One man's retirement math: Social Security wins

By , Staff writer of The Christian Science Monitor

At the heart of President Bush's plan to sell Social Security private accounts is a simple notion: You're always better off investing your retirement money than letting the government do it.

By doing it yourself, you can stow some money in the stock market, and over the long run will get a better return on that investment than today's Social Security system offers.

The idea is broadly accepted. That's why the administration's plan to partially privatize the system sounds appealing to many. But that better return won't always happen.


For 45 years, the defense-industry analyst paid into the system until his retirement in 1994. But with all the recent hoopla over reform, Mr. Logue, a Massachusetts Institute of Technology graduate, decided to go back and check his own records. Would he have done better investing his money than the bureaucrats at the Social Security Administration?

He recorded all the payroll taxes he paid into the system (including the matching amount from his employer), tracked down the return the Social Security Trust Fund earned for each of the 45 years, and then compared the result with what he would have gotten had he been able to invest the same amount of payroll tax money over the same period in the Dow Jones Industrial Average (including dividends).

To his surprise, the Social Security investment won out: $261,372 versus $255,499, a difference of $5,873.

It's an astonishing finding. The DJIA represents blue-chip stocks. Social Security invests in US Treasury bonds. Over long periods of time, stocks have consistently outperformed bonds. So, you would think that Logue's theoretical stock investments from 1950 to 1994 would have surely outpaced the return on government bonds.

The fact that they didn't illustrates one of the hard truths about stock investing: Timing matters.

Although Logue started pouring money into Social Security in the 1950s and early 1960s, some of the best years for stocks, he hadn't accumulated a lot of money.

So the gains of his theoretical stock portfolio would have been limited.

By the time he had substantial sums, the market swooned for long periods. From 1965 to 1982, for instance, the DJIA made no progress. Logue retired before the real run-up in stocks in the latter half of the late 1990s.

So the real lesson from his analysis is that any pension plan based on stock investments carries extra risks.

Advocates of privatization point out - correctly - that Logue's analysis compares theoretical stock returns with what the Social Security Trust Fund earned - not what he himself would get from the system.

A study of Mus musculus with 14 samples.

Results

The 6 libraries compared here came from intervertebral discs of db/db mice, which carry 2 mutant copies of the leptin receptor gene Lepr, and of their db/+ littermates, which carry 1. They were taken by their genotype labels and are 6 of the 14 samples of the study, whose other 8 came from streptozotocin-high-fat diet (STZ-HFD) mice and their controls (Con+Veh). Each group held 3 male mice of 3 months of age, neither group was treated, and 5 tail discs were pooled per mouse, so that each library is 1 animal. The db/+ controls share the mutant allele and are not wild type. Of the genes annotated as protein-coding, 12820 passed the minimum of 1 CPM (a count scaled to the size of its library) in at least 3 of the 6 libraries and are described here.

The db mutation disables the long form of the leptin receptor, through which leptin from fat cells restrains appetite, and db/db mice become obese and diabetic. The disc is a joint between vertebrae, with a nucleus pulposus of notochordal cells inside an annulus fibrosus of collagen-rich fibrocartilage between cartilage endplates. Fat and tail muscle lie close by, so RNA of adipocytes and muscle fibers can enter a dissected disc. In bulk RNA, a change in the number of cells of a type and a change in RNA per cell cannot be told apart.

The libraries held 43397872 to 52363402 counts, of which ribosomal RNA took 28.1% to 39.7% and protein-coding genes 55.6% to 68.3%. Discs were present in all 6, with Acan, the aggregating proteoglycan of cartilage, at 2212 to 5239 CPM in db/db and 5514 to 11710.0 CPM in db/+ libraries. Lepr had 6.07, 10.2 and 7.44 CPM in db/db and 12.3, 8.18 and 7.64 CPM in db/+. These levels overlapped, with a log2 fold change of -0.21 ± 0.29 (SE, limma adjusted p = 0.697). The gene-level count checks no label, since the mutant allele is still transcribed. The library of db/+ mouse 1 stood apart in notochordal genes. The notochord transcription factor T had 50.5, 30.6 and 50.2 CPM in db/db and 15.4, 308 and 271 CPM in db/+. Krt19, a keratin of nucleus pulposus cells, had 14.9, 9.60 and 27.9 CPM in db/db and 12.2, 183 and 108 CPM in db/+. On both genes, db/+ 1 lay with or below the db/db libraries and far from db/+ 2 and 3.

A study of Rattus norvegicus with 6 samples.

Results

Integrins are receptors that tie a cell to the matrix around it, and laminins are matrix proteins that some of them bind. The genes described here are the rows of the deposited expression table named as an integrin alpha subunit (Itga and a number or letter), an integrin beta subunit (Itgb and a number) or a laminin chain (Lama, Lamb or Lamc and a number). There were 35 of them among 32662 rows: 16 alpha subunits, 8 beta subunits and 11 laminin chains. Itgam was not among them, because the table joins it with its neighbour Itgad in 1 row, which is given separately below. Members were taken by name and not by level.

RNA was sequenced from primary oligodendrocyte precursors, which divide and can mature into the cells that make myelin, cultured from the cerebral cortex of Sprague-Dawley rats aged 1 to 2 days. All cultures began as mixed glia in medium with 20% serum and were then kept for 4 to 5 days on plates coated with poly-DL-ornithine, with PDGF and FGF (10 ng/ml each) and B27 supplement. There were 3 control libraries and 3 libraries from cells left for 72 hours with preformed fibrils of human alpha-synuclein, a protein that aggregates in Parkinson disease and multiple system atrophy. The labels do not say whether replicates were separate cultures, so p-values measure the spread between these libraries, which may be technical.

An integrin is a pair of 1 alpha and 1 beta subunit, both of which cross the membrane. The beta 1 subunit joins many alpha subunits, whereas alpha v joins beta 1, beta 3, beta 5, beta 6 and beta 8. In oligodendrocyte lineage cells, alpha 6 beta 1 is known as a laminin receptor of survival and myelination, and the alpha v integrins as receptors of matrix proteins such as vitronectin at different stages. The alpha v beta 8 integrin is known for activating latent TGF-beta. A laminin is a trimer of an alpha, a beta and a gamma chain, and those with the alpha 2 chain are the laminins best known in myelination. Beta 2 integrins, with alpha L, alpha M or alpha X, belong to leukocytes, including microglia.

From that perspective, the investment approach looks better, they argue. Over the long run, a typical worker can expect to earn 4.6 percent a year (after administrative costs) on a diversified portfolio of stocks and bonds and only about 2 percent or less from Social Security, according to federal estimates reported by Michael Tanner of the Cato Institute, long a proponent of privatization. Hypothetically, someone earning $30,000 annually would at the end of a 40-year career receive nearly twice as much under the investment approach ($344,000) than with Social Security ($185,000).

Who's right: Logue or Mr. Tanner?

The debate hinges considerably on what people want their retirement system to be. Social Security has always been an insurance program. It was never intended as an investment scheme. So everyone - retirees, the disabled, widows, and orphans - receive guaranteed monthly income. The "return" on their Social Security contributions depends largely on how long they live. Those in their 90s have enjoyed superb returns. Those who don't live as long benefit less.

Private accounts, by contrast, involve far more variability, both sides agree. Individuals who enter and exit the market at the right times would undoubtedly do better under privatization.

But under Britain's privatized pension system, so many retirees are doing so poorly at this moment that a commission warned this fall that widespread poverty among the elderly may be returning, which could require massive new government spending.

Presumably, President Bush's plan would offer the choice to meld insurance and private investment: much less guaranteed income in return for the opportunity - and risk - of earning more in the markets.

"Because financial asset returns are volatile, benefits under a personal account system would fluctuate," notes Bill Dudley, an economist at Goldman, Sachs & Co., a New York investment bank. "On a risk-adjusted basis, the privatized account ... becomes much less compelling."

There are other problems with private accounts. Administration expenses of the present Social Security system are minuscule compared with the size of the benefits provided. The Bush administration so far has provided no details on its private accounts plan. But if these are handled by Wall Street, the fees could be sizable, dissipating some of the return from investing in stocks. Logue takes no account of such expenses in his analysis.

Further, administrative costs and difficulties for private business could be large as companies, big and small, try to deduct the right amount from a payroll and put it into a private account in a timely fashion.

A study by the Congressional Research Service (CRS) notes some complexities: 650,000 employers go out of business or start new businesses each year. More than 4 million employers have 10 or fewer employees, often having record-keeping problems and errors. About 12 million to 15 million individuals are self-employed and presumably would have to send money directly to a private account.

So the complexities of change are substantial. If the extra return from privatization is not very advantageous, "why even consider changes that all agree would be very disruptive?" asks Logue.